Contributing Reporters on this Newscast:

SOMERVILLE, MA, April 24, 2014 – Every year, 65,000 undocumented youth graduate from U.S. high schools. With 66 percent of its student body “minority,” many of them immigrants, each class at Somerville High School likely has a dozen, or even several dozen, undocumented youth.

Because immigration reform and the DREAM  (Development, Relief, and Education for Alien Minors) Act are both stalled in Washington, these young people are stuck in limbo.

“I was a soccer captain in my senior year,” an 18-year-old told Somerville Neighborhood News. (His name is withheld to protect him and his family.) “I currently have a 3.5 GPA. The schools that are recruiting me are Merrimack, UMass Lowell, UMass Amherst…”

But the star scholar athlete, brought to the country when he was 13, won’t be attending those schools. If his family can scrape together the money, he may attend community college. Or he will head back to Brazil.

A few years ago, Mitchell Frietas faced the same challenge.

“I didn’t know what to do,” the 21-year-old said. “There were little scholarships available to me… The feeling of seeing all my peers around me filling out their FAFSAs (financial aid] forms) and just applying, getting their drivers’ licenses and getting all these amazing jobs, it was horrible. I remember that at times I would get home and I would break down into tears… It was like all the doors of the world were shut to me.”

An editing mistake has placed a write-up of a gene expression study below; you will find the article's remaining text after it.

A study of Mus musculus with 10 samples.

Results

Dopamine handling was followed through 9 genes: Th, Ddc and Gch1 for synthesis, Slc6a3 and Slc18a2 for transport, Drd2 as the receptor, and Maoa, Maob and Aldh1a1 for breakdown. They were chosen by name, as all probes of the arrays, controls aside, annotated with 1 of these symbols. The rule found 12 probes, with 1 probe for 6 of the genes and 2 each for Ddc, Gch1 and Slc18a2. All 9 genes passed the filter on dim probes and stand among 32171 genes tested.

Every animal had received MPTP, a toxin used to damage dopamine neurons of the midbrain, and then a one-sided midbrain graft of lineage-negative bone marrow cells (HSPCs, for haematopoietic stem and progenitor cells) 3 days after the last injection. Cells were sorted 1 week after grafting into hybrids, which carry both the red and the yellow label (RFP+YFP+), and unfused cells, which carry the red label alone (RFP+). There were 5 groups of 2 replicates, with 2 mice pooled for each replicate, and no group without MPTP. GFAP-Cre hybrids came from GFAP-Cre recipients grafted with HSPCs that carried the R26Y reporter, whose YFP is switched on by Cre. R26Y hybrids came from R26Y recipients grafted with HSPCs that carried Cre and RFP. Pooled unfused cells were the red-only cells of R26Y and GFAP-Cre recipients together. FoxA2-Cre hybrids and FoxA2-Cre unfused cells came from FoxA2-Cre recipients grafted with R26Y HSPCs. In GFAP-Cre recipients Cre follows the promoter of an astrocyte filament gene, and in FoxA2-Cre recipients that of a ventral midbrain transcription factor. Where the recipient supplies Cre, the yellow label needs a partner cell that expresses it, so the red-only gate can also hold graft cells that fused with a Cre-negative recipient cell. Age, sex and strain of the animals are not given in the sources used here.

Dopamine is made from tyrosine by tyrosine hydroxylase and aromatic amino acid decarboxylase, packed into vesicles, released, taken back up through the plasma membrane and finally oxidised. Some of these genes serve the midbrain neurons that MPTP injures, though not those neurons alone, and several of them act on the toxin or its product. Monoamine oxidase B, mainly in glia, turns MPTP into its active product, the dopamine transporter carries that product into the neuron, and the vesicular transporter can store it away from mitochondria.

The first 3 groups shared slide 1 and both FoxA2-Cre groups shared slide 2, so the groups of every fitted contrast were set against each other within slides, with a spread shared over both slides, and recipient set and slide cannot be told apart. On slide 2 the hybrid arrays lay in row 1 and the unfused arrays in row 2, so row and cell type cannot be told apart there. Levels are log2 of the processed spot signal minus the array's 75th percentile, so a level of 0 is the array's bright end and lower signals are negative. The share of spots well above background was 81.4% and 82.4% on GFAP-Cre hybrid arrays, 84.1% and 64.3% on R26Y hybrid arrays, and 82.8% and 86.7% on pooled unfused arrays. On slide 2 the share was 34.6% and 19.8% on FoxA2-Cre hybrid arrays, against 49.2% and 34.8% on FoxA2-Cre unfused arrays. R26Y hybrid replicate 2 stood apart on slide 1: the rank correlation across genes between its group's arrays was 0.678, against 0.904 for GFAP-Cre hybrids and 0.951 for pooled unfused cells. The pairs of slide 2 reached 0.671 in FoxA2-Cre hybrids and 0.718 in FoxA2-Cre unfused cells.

Frietas was lucky. He and his family got Green Cards at the last minute, just before college applications were due, and he attended college. Todayhe works at a bank in Somerville and is also continuing his studies.

Most students aren’t that lucky, according to Somerville High School Counselor Anne Herzberg.

“One of the hardest things I see every year is kids who have done everything right in high school… everything you would hope a student in U.S. high school would do, and because of their status here they are unable to find a place that will accept them and give them the financial support that they need to be able to attend a four-year college,” she said.

Undocumented students cannot receive state or federal loans, or even in-state tuition. They can attend university, but many institutions are loath to invest in them due to their status.

“As an immigrant myself and as a counselor, it’s hard for me to not to believe in the American Dream, that students can be here and be successful and work hard and achieve,” she said.

Congressman Michael E. Capuano (D-MA), who is of Italian and Irish descent, supports comprehensive immigration reform as well as the DREAM Act. He called the situation of undocumented youth “a terrible tragedy.”

“Look, you can make an argument every day of the week about adults who may have come here illegally or usually stayed here illegally, and that’s fine. That’s one part of the discussion. I just don’t think it’s a valid part of the discussion to include children who really didn’t choose their life,” he said. “They’re pending in limbo and I think… we’re wasting their future on their behalf. I think it’s a terrible tragedy.”